COKE OVEN PROCESS
Coke is the solid residue,consisting chiefly
of carbon,that is left behind when bituminous coal is distilled
in the absence of air. In the production of coke, a process called
" carbonization of coal " or " coking," most
of the volatile matter is removed by heating (baking) the coal in
a closed chamber to retard or prevent burning. Nearly 90% of the
coke produced from coal each year is used by the iron and steel
industry for the production of pig iron.
(c.1620). A beehive oven is a simple firebrick chamber built with
an arched roof so that the shape inside is that of an old-fashioned
beehive. A typical oven is 12 feet in diameter and holds from 5
to 7 tons of coal in a uniform layer between 18 and 24 inches deep
on the floor.
Beehive ovens were usually built in long rows, one
oven beside another with a retaining wall between. Such a row of
ovens is termed a " battery". The batteries often followed
the contours of the hills in the coal fields where they were located.
Railroad tracks for handling the coal to the ovens ran along the
tops; and other tracks for handling the coke cars ran beside the
ovens. Many beehive batteries have been located close to the mines,
so that the freshly mined coal was charged directly into the ovens.
No provision for stocking or mixing the coal is made at a beehive
Coal is charged into an empty oven through the hole
at the apex of the dome. It forms a cone-shaped pile which is levelled
to a uniform layer of 18 to 24 inches by means of a rake passed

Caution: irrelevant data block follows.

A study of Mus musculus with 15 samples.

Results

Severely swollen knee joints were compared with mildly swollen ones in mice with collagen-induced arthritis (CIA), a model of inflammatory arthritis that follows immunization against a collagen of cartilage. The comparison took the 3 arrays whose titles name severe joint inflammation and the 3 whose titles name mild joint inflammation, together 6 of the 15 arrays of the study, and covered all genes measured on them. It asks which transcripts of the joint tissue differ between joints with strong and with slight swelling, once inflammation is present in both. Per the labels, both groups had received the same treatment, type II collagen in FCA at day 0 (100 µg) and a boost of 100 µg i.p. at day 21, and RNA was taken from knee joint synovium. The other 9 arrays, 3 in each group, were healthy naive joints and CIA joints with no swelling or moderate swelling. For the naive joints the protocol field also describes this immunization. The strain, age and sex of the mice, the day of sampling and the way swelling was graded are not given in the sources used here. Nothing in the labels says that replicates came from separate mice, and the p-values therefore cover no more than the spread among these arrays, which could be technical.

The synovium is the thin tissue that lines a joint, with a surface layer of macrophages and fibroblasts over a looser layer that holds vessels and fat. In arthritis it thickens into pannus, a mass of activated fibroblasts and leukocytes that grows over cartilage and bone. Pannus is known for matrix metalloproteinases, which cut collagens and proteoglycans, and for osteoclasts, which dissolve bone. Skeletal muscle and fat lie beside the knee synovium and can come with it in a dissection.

through the door. The coking process is started by means of the
heat retained in the walls of the oven from the previous charge
of coal. New ovens are brought up to temperature by heating with
coal or wood before charging.
Almost immediately after charging, gas is evolved (released) from
the coal. The air for combustion is admitted through an opening
at the top of the oven door. By removing or introducing bricks at
the opening, the quanting of air is regulated. The coking time which
depends largely on the depth of the layer of coal, ranges from 48
to 72 hours. As coking proceeds, the volume of gas evolved decreases,
and the size of the opening in the door is correspondingly decreased.
This prevents the entrance of an excessive volume of air, which
otherwise would burn part of the coke and might be sufficient to
cool the oven as well.
When coking is complete, the door is opened and the
white hot charge is quenched by stream of water directed through
the opening. The quenched coke is then raked from the oven by hand
and loaded into train cars for transport. Beehive coking is now
an obsolete process because of the small quantity it manufactured
and the very large amount of pollution it produced.